These divergent opinions have led to a debate: Should we eat the Canada Goose?
I recently jumped into the discussion when my dad called to say that a hunter friend had pulled up with the carcass of a freshly-killed goose—blood, feathers, guts, and all. He said we would be cooking it for the next family dinner. To be honest, I was hesitant. I am locavore-inclined and eat domesticated fowl of all sorts—I adore duck and am particularly fond of a lightly poached duck egg—but there was something about eating a wild goose that made me stop. Was it that I had seen too many of them paddling around polluted lakefronts? Or maybe it was their predilection for foraging on the pesticide-saturated lawns of golf courses? It was as if the Canada Goose's close association with human activity meant there was something unclean about them. Sure, on the one hand they were wild, but because they like to wander in all sorts of icky places, eating one of the birds sounded just as appetizing as eating a back-alley pigeon.
So I called up a goose hunter.
Drake Larsen is a researcher in sustainable agriculture at Iowa State University who happens to be an avid hunter and who bags well over a dozen Canada Geese a year. He learned his passion for waterfowl hunting from his dad, who called his kids after the birds: Drake is named after the male duck, and his siblings Teal and Woodie after two different species. Canada Goose and venison are the main protein sources for Larsen and his wife. The day I called, he had been out on a goose hunt. "They're so yummy," he said. "It's good, lean, rich meat. I find they are similar to a good cut of beef."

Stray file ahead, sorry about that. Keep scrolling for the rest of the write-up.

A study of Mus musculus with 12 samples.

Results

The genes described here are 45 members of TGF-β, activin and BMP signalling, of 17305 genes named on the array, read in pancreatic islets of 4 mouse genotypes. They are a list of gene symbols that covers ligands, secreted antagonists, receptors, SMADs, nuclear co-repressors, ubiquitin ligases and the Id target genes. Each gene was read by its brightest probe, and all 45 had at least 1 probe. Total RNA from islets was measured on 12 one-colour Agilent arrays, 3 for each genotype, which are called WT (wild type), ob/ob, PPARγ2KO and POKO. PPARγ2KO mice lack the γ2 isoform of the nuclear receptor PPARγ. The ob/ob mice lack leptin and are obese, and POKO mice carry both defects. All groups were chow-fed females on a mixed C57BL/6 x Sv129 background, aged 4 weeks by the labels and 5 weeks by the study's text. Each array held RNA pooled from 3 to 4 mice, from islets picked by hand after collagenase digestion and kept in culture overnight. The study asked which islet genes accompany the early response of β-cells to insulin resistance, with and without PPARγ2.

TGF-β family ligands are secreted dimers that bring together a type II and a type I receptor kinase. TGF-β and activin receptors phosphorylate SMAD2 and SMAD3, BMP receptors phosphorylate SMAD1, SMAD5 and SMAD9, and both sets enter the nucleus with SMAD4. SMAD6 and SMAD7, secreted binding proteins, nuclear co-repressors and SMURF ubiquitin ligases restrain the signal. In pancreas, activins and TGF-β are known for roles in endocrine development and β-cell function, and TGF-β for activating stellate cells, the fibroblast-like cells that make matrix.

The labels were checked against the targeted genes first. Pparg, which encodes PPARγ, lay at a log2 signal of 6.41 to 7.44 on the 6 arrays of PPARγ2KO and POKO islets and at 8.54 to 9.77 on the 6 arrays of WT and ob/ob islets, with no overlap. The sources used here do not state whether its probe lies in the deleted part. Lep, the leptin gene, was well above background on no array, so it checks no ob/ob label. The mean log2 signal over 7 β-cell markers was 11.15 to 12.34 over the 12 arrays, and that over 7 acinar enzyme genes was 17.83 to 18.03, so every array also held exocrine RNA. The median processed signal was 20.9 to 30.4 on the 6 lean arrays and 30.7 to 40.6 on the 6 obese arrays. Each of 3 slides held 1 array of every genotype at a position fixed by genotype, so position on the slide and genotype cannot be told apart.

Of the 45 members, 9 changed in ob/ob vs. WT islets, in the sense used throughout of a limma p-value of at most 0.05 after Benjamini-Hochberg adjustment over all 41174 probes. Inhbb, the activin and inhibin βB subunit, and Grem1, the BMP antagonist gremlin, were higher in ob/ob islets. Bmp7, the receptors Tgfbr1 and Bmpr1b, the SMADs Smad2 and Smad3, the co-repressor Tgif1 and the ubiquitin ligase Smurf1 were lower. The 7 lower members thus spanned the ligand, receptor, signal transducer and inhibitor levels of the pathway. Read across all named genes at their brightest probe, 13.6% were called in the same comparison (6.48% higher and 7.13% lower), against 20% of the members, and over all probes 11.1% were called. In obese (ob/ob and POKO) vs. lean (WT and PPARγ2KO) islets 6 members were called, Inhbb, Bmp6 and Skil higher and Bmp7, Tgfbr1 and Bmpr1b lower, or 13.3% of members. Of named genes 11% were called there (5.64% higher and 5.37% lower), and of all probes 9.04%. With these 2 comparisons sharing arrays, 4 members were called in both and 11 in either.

It turns out that goose meat is just as versatile as beef, and the best way to cook it depends on the season. In the fall, the geese have not yet fattened up for winter. Their meat is lean and does not lend itself to roasting. Larsen slices open these fall birds and pops out their breast meat. They he cooks the breasts like steaks, stir fries them, or even grinds them to fill casings and make Canada Goose sausage. A winter bird, however, is fatter and is ideal for roasting. Larsen said his colleagues at work really enjoy a pulled-goose sandwich that he prepares in a slow cooker at the office.
And not only are the birds good to eat—they are also fun to hunt. Because of their flâneur-like loitering, a Canada Goose might seem an easy snatch, but it takes skill to nab one. To catch a goose, Larsen will set up a flock of decoys designed to attract the attention of his prey in an area near to where the geese congregate. Then he lies down amid the faux geese, waves a black flag to get their attention, and practices his goose calls. "Ducks have a simple language. Geese have more of a vocabulary," he said. "If [the geese] were coming toward me, I'd do a soft, slow, rhythmic honking. But if they were sideways, I would do a more distinctive pleading like 'Turn here! Turn here!' I find the calling is the invigorating part."